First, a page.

If you’re having problems with your external hard drive, formatting is the starting point in troubleshooting it. Because formatting allows you to overwrite all data on the hard drive, reset the file structure, and change how the drive interacts with the operating system.
Even though many users link hard drive formatting to completely deleted data, this is not the case. A formatting process will only reset your device to its original state. What then happens to the data? You can recover it using some third-party tools.
But before getting into that, do you really need to format an external hard drive? When is it appropriate to reformat an external hard drive? And what is hard drive formatting?
There are literally hundreds of reasons why you might want to format your external hard drive. And to understand the right time to format any drive, it is important to get clear what drive formatting is, and the best format for an external hard drive.
Folks associate external hard drive formatting with erasing a hard drive. That’s true, but it isn’t all. It isn’t the only purpose of the process.
Instead, formatting is the process of getting the hard drive to a state in which a computer can use it. This process demands the erasure of all written data from the drive.
Typically, external hard drives come ready for computer use. In rare cases, it will require you to format your hard drive. However, formatting is one of the effective ways to troubleshoot problems when trying to solve errors on an external hard disk.
You may encounter errors that might demand to reformat a drive. Reformatting means changing the File System of the hard drive.
File systems are what operating systems use to store data on storage media. Unfortunately, there is no work-for-all file system for all hard drives. The one your device use largely depends on the drive itself and the operating system you’re using.
For that reason, let’s explore the most commonly used file systems, so you’ll know what is what.
NTFS—this is the default file system Windows uses. Like most file systems, this file system works optimally on Windows only. Linux and macOS users will only read data from an NTFS-formatted drive but cannot write
ExFAT—this file system isn’t OS-restricted. Linux, macOS, as well as Windows users, can read and write on it. It works excellently for plug-and-play setups.
FAT 32—it is an older file system similar to ExFAT. It works with all operating systems—Windows, Linux, and macOS. Initially, it was the option that most flash drives came with. The problem with formatting an external drive to FAT 32 is that you can’t store files larger than 4GB.
HFS+—This is the default file system for macOS. Windows users cannot write on it but can read it.
Now it is clear about the file system.
The file system your hard drive comes with is what you’ll have to use if you don’t want to dump the data on the drive. And if you want to use a hard drive with default formatting on another device, it will demand you to dump the data on your drive and reformat it to make it ready for the new system.
With the formatting and file system basics, let’s now advance to the real business—how to format an external hard drive on Windows. We’ll consider a storage device initially formatted to NTFS, meaning it works excellently on Windows, and we’re going to change it to exFAT to work right away on macOS as well as Windows.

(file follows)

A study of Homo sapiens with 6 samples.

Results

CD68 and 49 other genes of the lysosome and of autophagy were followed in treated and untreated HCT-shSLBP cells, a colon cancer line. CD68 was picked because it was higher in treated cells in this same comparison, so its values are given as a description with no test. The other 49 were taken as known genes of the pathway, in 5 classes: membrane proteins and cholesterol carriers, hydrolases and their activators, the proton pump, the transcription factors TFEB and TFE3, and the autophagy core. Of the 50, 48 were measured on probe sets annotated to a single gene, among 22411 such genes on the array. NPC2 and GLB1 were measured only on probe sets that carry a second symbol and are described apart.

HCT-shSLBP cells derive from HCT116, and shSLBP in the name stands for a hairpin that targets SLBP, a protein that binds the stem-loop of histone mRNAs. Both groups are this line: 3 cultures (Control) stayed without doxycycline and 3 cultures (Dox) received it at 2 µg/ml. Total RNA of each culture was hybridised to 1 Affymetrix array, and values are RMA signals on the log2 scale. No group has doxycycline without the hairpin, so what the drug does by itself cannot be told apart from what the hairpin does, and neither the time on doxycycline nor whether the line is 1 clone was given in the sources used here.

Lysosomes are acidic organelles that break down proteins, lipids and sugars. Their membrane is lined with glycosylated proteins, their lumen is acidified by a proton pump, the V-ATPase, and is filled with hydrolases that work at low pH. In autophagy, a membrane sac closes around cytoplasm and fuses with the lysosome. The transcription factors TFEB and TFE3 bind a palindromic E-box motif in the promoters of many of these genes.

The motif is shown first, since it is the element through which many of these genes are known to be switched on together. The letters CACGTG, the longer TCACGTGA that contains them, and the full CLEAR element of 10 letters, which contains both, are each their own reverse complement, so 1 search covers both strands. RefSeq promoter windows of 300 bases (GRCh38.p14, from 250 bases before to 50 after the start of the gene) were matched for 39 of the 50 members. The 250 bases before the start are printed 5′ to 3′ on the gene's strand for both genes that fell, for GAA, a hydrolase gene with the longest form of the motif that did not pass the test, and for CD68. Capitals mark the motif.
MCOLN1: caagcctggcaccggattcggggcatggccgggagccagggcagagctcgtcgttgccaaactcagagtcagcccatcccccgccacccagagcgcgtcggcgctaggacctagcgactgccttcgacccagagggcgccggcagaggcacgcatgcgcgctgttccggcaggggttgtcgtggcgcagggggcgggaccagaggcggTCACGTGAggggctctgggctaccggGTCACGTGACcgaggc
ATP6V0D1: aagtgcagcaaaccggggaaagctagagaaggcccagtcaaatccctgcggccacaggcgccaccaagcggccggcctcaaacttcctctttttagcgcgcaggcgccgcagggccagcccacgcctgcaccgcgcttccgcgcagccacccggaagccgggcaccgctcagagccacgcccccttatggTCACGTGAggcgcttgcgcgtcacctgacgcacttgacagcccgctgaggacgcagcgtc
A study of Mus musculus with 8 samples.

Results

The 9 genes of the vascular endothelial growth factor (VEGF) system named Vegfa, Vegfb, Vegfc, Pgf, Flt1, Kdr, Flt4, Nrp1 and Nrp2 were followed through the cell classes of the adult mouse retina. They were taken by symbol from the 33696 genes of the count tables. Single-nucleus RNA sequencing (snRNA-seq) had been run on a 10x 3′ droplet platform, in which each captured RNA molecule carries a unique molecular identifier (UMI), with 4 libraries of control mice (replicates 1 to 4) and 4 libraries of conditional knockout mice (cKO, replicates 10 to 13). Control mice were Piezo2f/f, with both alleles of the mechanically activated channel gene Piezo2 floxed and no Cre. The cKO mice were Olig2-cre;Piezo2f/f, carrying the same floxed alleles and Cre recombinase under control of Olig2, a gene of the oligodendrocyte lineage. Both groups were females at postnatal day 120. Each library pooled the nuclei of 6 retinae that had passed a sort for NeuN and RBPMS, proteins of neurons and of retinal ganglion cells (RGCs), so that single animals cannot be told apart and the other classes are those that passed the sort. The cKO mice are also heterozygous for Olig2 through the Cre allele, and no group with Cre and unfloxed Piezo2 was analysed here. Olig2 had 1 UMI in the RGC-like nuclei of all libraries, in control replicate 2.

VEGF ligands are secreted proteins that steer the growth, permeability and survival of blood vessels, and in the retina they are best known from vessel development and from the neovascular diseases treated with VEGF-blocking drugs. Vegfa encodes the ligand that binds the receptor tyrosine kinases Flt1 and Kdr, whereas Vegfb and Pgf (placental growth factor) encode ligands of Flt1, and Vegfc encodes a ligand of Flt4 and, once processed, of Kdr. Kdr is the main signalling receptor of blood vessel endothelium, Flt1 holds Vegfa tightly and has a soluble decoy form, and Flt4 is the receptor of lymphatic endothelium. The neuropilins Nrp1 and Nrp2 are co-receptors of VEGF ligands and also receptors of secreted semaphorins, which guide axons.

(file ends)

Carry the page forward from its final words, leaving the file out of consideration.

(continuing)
The first thing you need is to identify the hard drive you desire to format. Here are steps to walk you through:
Step 1 Open the File Explorer
Step 2 Head over to “My PC”
Step 3 Identify the drive you want to format and right-click on it. A drop-down window will open.
Step 4 On the drop-down window, click on the ‘Format’ option to open the formatting wizard.
The formatting wizard presents several settings. To know which settings you need to change, we’ll explore each of the settings.
Step 5 Click “Start” and wait for the progress bar to fill.
Simple formatting doesn’t delete all the files. Instead, it only deletes the address table of your data, which is recoverable. In fact, the chances of recovering formatted data are as high as 98%.
But the success rate of recovery stems down to the type of recovery method you’ll use.
There are literally hundreds of methods to recovered formatted data. But we’ll focus on the best option—using a data recovery tool. A good data recovery tool presents a recovery rate of up to 98%. And that is what we’re going to focus on - Recoverit (IS).
User Guide: How to Retrieve Formatted External Hard Drive using iSkyoft Data Recovery
Start the recovery process by going to the home screen of Recoverit (IS). Select which partition from which you lost your data and then click on the ‘Start’ button.
The program will scan your selected partition and provide you with a preview of all the available data. You may select filters from where to get your files. Otherwise, the program will populate a good number of files.
The ‘Preview’ feature is a powerful one in this program. Use it to select which files to recover. Further inbuilt tips are also at your reach in case you cannot preview some files. Simply follow the on-screen prompts that will lead you to a successful recovery.
The final step is to click on the ‘Recover’ button to get your lost data back.
Formatting an external hard drive can be different from erasing a drive. It isn’t only wiping all the data off but also making a drive compatible with a different Operating System.
For instance, if your storage media comes with an NTFS format, you can reformat it to exFAT, for use with macOS as well as Windows.